In financially uncertain times, is it worth the cost of attending a Christian university all four years?

    Randall L. Frame

    Naming the Ideal

    Christian colleges and universities do their best to accommodate students who, for whatever reason, transfer in or out. For the record, not all students who transfer out of Christian institutions do so because of the price. Wayne Strickland, vice president and academic dean at Multnomah, notes that some students transfer because of their future career. Says Strickland, "We have a career counseling requirement, and as we process with a student regarding career goals, gifting, and talent, we may help them recognize that they need a university that better fits the program they need."

    Strickland continues, "We recognize that the kingdom is much larger than Multnomah, and praise God when a student is where God can best accomplish his work of developing Christ-likeness and outfitting the person for service."

    Nevertheless, in general the ideal is for students to spend the four years of their undergraduate education at one place. Says Houston Baptist's Steen, "The college experience for those who start and finish at the same institution will be significantly more robust and fulfilling than for those who transfer. Although the outcome may be the same, relationships with faculty will be fewer, opportunities for life outside the classroom will be fewer, and employers and graduate schools may even be less attracted to those who have transferred around."

    Indeed, at least one major survey indicates that it's best for students to spend all four college years at the same institution. In 2008, the National Survey of Student Engagement questioned 380,000 randomly selected first-year and senior students at 722 four-year colleges and universities. The survey found that seniors who had transferred were in general "less engaged" in extracurricular activities and with faculty and classmates. According to the survey, seniors who had transferred talked less frequently with faculty about plans and were less likely to work with classmates outside of class.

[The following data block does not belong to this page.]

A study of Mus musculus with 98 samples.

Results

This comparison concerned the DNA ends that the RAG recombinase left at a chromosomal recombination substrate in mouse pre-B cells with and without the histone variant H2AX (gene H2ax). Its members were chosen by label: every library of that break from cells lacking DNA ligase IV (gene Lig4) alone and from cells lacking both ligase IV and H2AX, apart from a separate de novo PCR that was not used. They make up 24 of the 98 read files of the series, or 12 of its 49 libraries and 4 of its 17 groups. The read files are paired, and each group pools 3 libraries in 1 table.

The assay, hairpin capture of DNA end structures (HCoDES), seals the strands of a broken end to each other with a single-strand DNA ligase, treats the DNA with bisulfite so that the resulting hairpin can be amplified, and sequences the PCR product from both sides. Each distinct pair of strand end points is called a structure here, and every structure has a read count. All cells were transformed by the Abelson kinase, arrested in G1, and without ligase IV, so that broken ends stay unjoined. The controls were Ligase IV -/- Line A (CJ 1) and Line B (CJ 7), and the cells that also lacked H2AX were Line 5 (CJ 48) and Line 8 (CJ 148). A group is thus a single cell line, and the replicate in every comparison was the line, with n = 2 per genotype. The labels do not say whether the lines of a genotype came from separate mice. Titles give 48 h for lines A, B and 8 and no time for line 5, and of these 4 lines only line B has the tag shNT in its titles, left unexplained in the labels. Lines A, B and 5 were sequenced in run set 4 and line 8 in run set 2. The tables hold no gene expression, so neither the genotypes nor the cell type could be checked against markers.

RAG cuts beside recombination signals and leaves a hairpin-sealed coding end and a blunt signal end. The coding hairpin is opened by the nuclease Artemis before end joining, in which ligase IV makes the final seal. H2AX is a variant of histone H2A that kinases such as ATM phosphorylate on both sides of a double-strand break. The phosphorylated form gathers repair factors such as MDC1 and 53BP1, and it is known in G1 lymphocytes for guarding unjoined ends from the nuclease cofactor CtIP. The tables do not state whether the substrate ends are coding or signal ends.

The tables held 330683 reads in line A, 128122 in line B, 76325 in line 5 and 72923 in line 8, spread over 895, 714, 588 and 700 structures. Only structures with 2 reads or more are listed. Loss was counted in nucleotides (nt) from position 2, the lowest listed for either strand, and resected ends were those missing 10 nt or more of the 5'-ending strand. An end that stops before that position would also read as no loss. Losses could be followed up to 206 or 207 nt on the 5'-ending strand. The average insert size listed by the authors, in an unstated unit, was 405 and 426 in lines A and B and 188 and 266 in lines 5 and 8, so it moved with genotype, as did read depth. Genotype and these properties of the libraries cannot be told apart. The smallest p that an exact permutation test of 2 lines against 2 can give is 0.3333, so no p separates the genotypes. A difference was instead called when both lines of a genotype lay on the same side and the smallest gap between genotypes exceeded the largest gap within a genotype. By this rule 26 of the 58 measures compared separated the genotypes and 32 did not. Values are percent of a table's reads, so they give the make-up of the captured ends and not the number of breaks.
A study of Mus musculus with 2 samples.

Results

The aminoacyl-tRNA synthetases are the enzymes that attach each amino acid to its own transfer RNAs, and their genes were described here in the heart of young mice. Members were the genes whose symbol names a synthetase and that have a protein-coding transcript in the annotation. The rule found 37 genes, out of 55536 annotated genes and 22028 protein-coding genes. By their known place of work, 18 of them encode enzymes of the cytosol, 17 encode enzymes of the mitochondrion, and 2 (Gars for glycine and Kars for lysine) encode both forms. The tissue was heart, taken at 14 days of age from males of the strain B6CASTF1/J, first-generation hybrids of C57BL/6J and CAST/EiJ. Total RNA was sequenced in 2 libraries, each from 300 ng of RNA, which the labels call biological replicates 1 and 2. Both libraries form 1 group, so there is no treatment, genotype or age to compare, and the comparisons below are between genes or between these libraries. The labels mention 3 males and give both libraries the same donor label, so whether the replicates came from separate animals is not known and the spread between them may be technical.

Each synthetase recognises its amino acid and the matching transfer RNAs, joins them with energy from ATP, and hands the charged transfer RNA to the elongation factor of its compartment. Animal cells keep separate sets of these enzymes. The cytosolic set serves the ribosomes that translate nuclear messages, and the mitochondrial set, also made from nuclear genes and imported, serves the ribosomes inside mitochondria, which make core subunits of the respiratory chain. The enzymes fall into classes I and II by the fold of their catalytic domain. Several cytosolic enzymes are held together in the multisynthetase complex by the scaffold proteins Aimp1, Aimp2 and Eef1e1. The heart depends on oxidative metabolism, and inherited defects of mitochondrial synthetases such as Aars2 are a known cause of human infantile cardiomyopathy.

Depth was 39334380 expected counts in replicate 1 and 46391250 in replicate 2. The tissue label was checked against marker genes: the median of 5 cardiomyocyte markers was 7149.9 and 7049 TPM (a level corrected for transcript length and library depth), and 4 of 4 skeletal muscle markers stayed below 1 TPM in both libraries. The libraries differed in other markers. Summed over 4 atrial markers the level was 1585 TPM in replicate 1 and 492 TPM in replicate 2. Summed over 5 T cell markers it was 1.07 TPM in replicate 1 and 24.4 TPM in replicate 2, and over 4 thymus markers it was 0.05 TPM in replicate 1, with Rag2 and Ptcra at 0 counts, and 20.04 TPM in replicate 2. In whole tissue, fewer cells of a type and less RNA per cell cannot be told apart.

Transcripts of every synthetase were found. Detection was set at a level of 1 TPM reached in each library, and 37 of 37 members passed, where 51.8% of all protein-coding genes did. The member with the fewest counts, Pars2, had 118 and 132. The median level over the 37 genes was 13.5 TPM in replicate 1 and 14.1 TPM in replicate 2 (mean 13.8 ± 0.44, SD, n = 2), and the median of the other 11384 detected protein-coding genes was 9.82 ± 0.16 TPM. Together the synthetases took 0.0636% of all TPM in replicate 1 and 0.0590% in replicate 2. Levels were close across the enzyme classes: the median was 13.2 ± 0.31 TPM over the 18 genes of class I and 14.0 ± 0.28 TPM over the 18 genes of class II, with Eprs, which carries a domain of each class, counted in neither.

"I often talk with families who accompany their students to visit LeTourneau," says Fitzhugh. "Many parents have told me that their first child attended a state school and that they thought they were ready to face life in 'the world,' only to discover it was a tragic mistake with sad consequences."

    Fitzhugh urges parents to take seriously the results of a study by Gary Railsback, who found that a high percentage of young people who considered themselves "born again" as freshmen do not use that label after four years in a secular educational environment.

    Ready to Sacrifice

    For students to remain in one place for four years usually requires that they and their families make sacrifices they are not always willing to make. As Asbury's Harper puts it, "Finding families that are willing to pay for a four-year private education is more difficult than finding families that are able."

    Bryan College provides financial incentives for students to spend all four years at Bryan instead of transferring in after a year or two. Says Bryan's Sapienza, "If a student wants to attend here, they realize that coming in as a freshman, they will receive far more renewable, merit-based aid than if they transfer in. The effect is that when they weigh the cost of the full four years, they find that entering as a freshman and receiving a strong financial aid package can be less expensive than going to a less expensive school and then coming here and paying nearly full tuition and room and board.

    "When students take the long view, they understand that not only do we believe it is better for them to come here all four years, but we also back it up with our aid."

    Turning Out Godly Adults

    Cedarville's Smith encourages Christian parents facing tough decisions to ask basic questions such as: What is the goal of going to college? What kind of person do I hope my son or daughter will grow into? What kind of person do I hope he or she will be 10 years out of college? Twenty years?